Obama Transparency Rhetoric Trickles Down to EPA

The new administrator of the U.S. Environmental Protection Agency (EPA), Lisa Jackson, pledged in a memo to staff to "uphold the values of scientific integrity, rule of law, and transparency every day." In the memo, Jackson also highlighted five priorities for the EPA, including reducing greenhouse gases and strengthening EPA's chemicals management and risk assessment programs.

Jackson, former head of New Jersey's Department of Environmental Protection, took control of the embattled agency on Jan. 26. In a memo to EPA employees, Jackson laid out the philosophy, as articulated by President Obama, that she plans to apply to her tenure as administrator. Transparency and respect for the scientific analyses of EPA staff were included as key values. Jackson cited former EPA administrator William Ruckleshaus' commitment to run the agency as if it were "in a fishbowl," with its actions and motives available for all to observe.

"I pledge that we will carry out the work of the Agency in public view so that the door is open to all interested parties and that there is no doubt why we are acting and how we arrived at our decisions," said Jackson in the memo. She also embraced Ruckelshaus' promise "to communicate with everyone from the environmentalists to those we regulate, and we will do so as openly as possible."

Jackson promised EPA employees that science will be the "backbone" of EPA programs. Citing the damage that can be done to scientific integrity, Jackson promised not to "disguise" policy decisions as scientific findings, an accusation frequently leveled at the Bush EPA. Jackson stated, "I pledge that I will not compromise the integrity of EPA's experts in order to advance a preference for a particular regulatory outcome." According to the memo, "When scientific judgments are suppressed, misrepresented or distorted by political agendas, Americans can lose faith in their government to provide strong public health and environmental protection."

The EPA during the Bush administration came under frequent attack for allowing politics to distort and override the findings of agency scientists. The pledges of transparency and scientific integrity represent a clear move by the new administrator to break from the policies of the previous EPA administration.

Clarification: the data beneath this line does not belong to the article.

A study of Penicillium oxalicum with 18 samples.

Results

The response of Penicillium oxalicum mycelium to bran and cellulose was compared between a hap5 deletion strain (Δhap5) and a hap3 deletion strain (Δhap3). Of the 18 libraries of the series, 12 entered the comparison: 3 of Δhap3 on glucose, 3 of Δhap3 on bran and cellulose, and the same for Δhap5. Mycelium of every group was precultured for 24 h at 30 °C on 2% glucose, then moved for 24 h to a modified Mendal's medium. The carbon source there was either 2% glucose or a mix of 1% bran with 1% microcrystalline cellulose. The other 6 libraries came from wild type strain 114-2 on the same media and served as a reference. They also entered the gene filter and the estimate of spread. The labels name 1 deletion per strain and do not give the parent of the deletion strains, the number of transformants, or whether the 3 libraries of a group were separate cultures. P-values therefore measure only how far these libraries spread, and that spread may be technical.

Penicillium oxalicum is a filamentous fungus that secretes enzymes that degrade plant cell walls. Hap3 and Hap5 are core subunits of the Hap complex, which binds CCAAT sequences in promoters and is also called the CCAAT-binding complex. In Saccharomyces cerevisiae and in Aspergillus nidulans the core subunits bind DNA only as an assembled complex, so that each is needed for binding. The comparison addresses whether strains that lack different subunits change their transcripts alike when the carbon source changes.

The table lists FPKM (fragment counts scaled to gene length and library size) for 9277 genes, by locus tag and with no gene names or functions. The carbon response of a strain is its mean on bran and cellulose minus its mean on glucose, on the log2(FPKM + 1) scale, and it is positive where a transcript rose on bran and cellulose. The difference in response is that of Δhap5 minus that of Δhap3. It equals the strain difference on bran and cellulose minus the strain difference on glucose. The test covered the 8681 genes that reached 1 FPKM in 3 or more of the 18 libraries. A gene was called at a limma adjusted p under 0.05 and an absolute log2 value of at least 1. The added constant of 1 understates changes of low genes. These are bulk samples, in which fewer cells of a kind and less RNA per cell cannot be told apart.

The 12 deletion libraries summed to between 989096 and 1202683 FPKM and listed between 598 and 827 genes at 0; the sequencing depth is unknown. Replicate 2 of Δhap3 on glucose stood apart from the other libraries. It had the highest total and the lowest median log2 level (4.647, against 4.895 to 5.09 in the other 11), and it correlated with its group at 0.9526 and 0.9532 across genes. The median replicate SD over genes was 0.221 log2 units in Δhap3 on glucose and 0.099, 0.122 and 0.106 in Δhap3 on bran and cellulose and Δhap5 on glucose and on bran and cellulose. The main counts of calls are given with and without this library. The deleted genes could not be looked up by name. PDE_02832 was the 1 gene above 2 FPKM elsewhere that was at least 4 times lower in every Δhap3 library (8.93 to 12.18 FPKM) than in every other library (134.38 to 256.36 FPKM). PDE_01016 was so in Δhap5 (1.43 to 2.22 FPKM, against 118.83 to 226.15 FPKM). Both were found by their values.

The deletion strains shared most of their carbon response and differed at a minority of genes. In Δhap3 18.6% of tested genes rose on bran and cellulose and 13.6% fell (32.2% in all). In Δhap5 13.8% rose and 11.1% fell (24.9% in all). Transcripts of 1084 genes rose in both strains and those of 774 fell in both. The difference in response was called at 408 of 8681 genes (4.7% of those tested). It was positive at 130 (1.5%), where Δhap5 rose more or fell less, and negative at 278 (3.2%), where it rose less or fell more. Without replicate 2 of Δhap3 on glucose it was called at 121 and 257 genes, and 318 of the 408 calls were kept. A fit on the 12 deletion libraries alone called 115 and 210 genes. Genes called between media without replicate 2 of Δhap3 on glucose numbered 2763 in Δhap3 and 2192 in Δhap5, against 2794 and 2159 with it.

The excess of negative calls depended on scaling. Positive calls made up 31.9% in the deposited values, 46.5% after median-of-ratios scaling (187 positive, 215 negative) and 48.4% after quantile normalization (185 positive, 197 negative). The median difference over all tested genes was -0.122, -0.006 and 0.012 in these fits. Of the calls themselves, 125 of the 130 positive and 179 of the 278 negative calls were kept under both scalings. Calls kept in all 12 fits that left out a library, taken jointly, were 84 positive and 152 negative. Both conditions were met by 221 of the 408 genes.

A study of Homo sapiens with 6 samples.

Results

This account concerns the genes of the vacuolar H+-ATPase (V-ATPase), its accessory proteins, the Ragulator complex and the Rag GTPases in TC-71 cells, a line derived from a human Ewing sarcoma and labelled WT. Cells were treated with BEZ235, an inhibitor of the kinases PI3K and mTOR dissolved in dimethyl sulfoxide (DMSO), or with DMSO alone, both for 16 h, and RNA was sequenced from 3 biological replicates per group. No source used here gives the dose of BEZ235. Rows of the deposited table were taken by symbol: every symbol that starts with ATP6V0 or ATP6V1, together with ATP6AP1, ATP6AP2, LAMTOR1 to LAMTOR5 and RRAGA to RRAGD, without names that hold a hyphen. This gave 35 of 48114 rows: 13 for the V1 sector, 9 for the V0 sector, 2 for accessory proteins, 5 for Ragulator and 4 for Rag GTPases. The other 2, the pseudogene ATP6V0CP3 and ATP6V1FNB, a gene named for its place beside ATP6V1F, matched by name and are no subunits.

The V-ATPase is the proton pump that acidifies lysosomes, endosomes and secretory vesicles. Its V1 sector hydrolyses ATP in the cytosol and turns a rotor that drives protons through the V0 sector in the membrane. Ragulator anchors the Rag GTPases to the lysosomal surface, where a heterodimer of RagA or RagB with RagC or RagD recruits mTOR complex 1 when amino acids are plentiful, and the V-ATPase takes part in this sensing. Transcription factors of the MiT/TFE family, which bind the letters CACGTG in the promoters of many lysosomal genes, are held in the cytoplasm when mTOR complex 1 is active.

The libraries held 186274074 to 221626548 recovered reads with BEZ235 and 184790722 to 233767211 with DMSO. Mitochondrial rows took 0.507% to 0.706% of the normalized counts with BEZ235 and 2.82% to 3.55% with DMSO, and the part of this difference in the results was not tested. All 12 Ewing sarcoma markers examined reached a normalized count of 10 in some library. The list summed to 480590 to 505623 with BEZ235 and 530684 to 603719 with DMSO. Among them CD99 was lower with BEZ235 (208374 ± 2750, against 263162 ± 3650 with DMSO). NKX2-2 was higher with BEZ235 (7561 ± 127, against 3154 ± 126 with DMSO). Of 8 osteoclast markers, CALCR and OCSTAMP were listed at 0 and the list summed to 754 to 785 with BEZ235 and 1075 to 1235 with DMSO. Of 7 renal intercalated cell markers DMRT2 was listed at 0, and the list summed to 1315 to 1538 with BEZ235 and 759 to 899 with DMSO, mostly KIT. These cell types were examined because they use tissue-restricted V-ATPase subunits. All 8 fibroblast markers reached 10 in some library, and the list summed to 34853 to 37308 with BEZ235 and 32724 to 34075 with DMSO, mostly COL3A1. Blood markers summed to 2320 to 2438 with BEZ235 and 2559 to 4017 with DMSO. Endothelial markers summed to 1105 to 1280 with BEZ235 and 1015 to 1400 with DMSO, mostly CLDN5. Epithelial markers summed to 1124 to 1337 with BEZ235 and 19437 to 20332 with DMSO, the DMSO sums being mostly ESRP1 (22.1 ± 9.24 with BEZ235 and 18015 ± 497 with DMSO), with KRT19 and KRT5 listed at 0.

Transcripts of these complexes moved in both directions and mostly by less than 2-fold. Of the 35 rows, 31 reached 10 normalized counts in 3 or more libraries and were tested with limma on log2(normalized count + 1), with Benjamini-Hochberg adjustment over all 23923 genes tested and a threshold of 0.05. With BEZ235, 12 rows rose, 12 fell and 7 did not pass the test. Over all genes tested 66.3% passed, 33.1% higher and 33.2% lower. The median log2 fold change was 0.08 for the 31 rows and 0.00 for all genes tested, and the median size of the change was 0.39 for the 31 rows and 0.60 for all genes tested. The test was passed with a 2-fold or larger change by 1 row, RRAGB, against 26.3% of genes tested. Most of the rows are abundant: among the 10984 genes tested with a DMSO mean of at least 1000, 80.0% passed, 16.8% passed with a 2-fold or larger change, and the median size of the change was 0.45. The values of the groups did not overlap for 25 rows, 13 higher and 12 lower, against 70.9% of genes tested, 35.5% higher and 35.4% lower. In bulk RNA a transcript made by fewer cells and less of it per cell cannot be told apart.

The principles laid out in the memo echo Jackson's testimony during her Senate confirmation hearing. In her opening remarks, Jackson stated that "President-elect Obama has affirmed two core values that he expects EPA to uphold during his Administration: scientific integrity and the rule of law. He has also made it clear we will operate with unparalleled transparency and openness. I pledge to uphold those values."

In addition to outlining the core values that will guide her tenure, Jackson highlighted several priorities that will receive her "personal attention." The five issues are reducing greenhouse gases, improving air quality, managing chemical risks, cleaning up hazardous waste sites, and protecting waters. Jackson specifically referred to the Toxic Substances Control Act (TSCA) when highlighting the need for strengthened chemicals risk management.

The Government Accountability Office (GAO) recently added EPA's TSCA-related programs to its list of federal high-risk programs, which are programs in need of broad-based management transformation to improve their effectiveness.

The values espoused in the new administrator's memo may help to ease concerns over Jackson's commitment to transparency raised prior to her confirmation hearing. On the day of Jackson's swearing in, Public Employees for Environmental Responsibility (PEER), one of Jackson's more vocal critics, sent a letter urging Jackson to translate the promises of openness and scientific integrity into concrete and enforceable policies. PEER listed several specific recommended policy changes, including protections for government whistleblowers and eliminating "gag orders" on agency scientists. Despite the promising rhetoric of Jackson's initial memo, no specific actions were proposed or committed to on the administrator's first day.

Jackson pledged "to follow the rule of law." While acknowledging the discretion granted the EPA to implement environmental laws, she also recognized the authority of Congress and the courts. "When a court has determined EPA's responsibilities under our governing statutes, EPA cannot turn a blind eye to the court's decision or procrastinate in complying." The EPA had been heavily criticized during the Bush administration for failing to regulate greenhouse gases with its authority under the Clean Air Act, especially following the 2007 U.S. Supreme Court decision explicitly stating the agency's authority and obligation to do so.

During her confirmation hearing, Jackson was asked what process would be best to review previous EPA decisions to identify instances where science had been compromised. Jackson responded that a strong inspector general (IG) offers the best mechanism for such an evaluation. The EPA inspector general position is currently vacant, with the IG's duties being performed by the deputy IG, who was himself investigated by Congress for his plan to cut the number of inspectors working under him.

Jackson directed her employees to hold her accountable for her promises. "If ever you feel I am not meeting this commitment, I expect you to let me know," she said.